Chattahoochee River flow decision by EPD could have impact on West Point Lake
LaGRANGE — Officials with the state said a move to modify language in a document concerning Chattahoochee River water flow is simply to clarify confusion, but local river advocates say the change could threaten water flow downstream of Atlanta.
The Georgia Department of Natural Resources’ Environmental Protection Division, or EPD, voted Tuesday to strike a footnote that officials say has caused confusion since the mid-1970s when it was written as a result of the Chattahoochee River’s classification change from industrial to fishery.
“By doing so that was going to make the water quality standards more stringent,” said Jack Capp, chief of the watershed protection branch for the EPD. “The big wastewater facilities — Cobb County, the city of Atlanta — they were going to have to improve the treatment at their wastewater facilities.”
The confusion comes from the language of the footnote that sets a minimum flow rate of 750 cubic feet per second that has been adopted by the Army Corps of Engineers, which controls the water flow. The Army Corps of Engineers through the Buford Dam and the Morgan Falls Dam controls the flow rate of the Chattahoochee near Atlanta. The average flow rate is about 2,540 cfs, said Capp.
The footnote was created for the benefit of waste treatment facilities. It stated that if the minimum flow rate dropped below 750 cps they would not be held accountable for water quality.
The idea at the time was that less water flow through the Chattahoochee would equal less dilution of the wastewater, in turn forcing the wastewater facilities to be more responsible in their wastewater treatment practices.
According to Capp, since that time, wastewater quality, and in turn the quality of the Chattahoochee, has improved significantly.
“Forty years had passed and we have got a really beautiful river that has a lot of great qualities to it,” Capp said. “The river is a lot better than it was.”
But some see the change as a threat to the future of the Chattahoochee.
“This is starting the process for reduced flows for the Chattahoochee,” said Jason Ulseth of the Chattahoochee Riverkeeper. “The way that the EPD has packaged this revision is saying that this is just a minor striking of a footnote within the state water quality standards, but it has a lot of implications with striking this footnote because this number has been in place for the last 40 years and has served as the target flow rate for the Army Corps of Engineers.
“… It’s clear that intent of this revision is to lower flows of the Chattahoochee River. … But the bottom line is that this footnote in the water quality standards meant that engineers needed to release a certain volume of water from the Buford Dam in order to meet 750 cubic feet per second downstream of Lake Lanier.”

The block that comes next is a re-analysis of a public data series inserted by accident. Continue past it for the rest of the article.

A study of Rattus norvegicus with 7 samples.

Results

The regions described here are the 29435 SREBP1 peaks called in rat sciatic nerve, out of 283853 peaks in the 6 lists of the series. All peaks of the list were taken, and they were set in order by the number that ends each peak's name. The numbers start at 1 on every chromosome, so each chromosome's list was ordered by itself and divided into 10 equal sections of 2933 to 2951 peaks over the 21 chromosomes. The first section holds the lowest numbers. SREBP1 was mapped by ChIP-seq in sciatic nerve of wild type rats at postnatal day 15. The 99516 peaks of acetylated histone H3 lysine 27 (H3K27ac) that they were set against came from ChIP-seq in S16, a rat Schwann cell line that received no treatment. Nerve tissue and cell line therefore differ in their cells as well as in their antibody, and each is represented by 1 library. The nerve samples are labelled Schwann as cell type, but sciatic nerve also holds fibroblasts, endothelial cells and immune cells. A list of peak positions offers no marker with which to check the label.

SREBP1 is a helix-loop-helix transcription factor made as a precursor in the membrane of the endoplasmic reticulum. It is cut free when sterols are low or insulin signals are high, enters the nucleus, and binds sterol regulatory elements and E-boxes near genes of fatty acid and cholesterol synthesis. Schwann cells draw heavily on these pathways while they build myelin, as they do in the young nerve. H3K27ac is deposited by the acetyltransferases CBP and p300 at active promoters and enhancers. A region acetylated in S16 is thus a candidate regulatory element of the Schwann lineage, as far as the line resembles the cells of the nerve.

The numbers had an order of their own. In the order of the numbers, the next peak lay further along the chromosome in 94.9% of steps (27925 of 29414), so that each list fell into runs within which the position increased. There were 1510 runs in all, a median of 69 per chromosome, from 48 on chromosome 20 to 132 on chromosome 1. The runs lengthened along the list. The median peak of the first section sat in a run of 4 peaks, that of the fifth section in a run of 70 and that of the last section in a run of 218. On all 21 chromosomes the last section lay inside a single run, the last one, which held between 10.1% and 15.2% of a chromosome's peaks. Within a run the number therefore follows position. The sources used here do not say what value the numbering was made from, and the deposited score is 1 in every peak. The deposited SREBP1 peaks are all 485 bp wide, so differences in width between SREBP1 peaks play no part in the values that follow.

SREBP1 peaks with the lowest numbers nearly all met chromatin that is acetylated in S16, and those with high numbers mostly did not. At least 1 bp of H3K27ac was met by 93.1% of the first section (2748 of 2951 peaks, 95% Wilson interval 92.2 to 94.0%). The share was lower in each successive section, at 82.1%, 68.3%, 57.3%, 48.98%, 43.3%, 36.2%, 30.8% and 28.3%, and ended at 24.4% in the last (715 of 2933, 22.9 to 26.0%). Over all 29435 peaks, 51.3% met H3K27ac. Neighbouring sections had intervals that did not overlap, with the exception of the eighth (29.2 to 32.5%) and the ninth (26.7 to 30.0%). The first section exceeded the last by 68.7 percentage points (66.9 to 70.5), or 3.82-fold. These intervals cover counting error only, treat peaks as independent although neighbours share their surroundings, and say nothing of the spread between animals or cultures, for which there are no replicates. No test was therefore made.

The chairman of the West Point Lake advisory committee, James Emery, seemed to think striking the footnote would help protect water quality in the future.
“The EPD’s intent in striking that footnote was good in that it could possibly help protect water quality more than it is currently protected,” he said. “However, there is this fear that not having this number, that 750 cfs that was in that footnote — and that’s the only place that number shows up anywhere in any state rules — and the fear is not having that number could somehow result in lower flows. If that happens, that could be detrimental to us. … Removing the footnote: I don’t see how it should be interpreted as meaning that we’ll get lower flows.”
Henry Jacobs, middle Chattahoochee outreach manager for the Chattahooche Riverkeeper, whose office is based in LaGrange, said the river’s ability to support communities and assimilate wastewater downstream of Atlanta are now “defiantly in jeopardy and compromised.”
“So basically there is nothing to say that they could release well below 750 cubic feet per second,” Jacobs went on to say. “And that means that the water treatment plants in the city of Atlanta and surrounding counties will still put in treated water, but treated wastewater that still needs to be assimilated by having enough water in the river to dilute (wastewater).”
In an emailed statement, West Point City Council member Gerald Ledbetter had this to say about the river’s importance on the city’s economy: “West Point has a very good relationship with the Army Corp of Engineers. They do a great job monitoring lake levels at West Point and making sure the flow below the West Point dam is adequate for West Point’s water needs, both for drinking water and for recreational activities, such and kayaking.
“They also take flood control very seriously, which is of tremendous importance to us! West Point is investing in additional river resources, like a new boat ramp alongside our existing kayak pad. And our new ‘Downtown River Park’ will be a great amenity for our residents, increasing river access and providing a wonderful space for outdoor events, like concerts, along the riverbank, as well as a central location for festivals and city-wide events.”
West Point city council member Sandra Thorton added: “The river is a critical contributor to our way of life and economy — affordable recreation for many, quality water to sustain our health and a support for jobs and our thriving industries.”
The Chattahoochee River — or the Hooch as some affectionately refer to it — travels over 400 miles through Georgia. It joins with the Flint River to dump into the Gulf of Mexico. The Chattahoochee River is controlled by 13 dams that generate hydropower and electricity, in addition to three lock-and-dam facilities. It is the second Southern-most trout habitat in the United States. Around 70 percent of Metro Atlanta’s drinking water.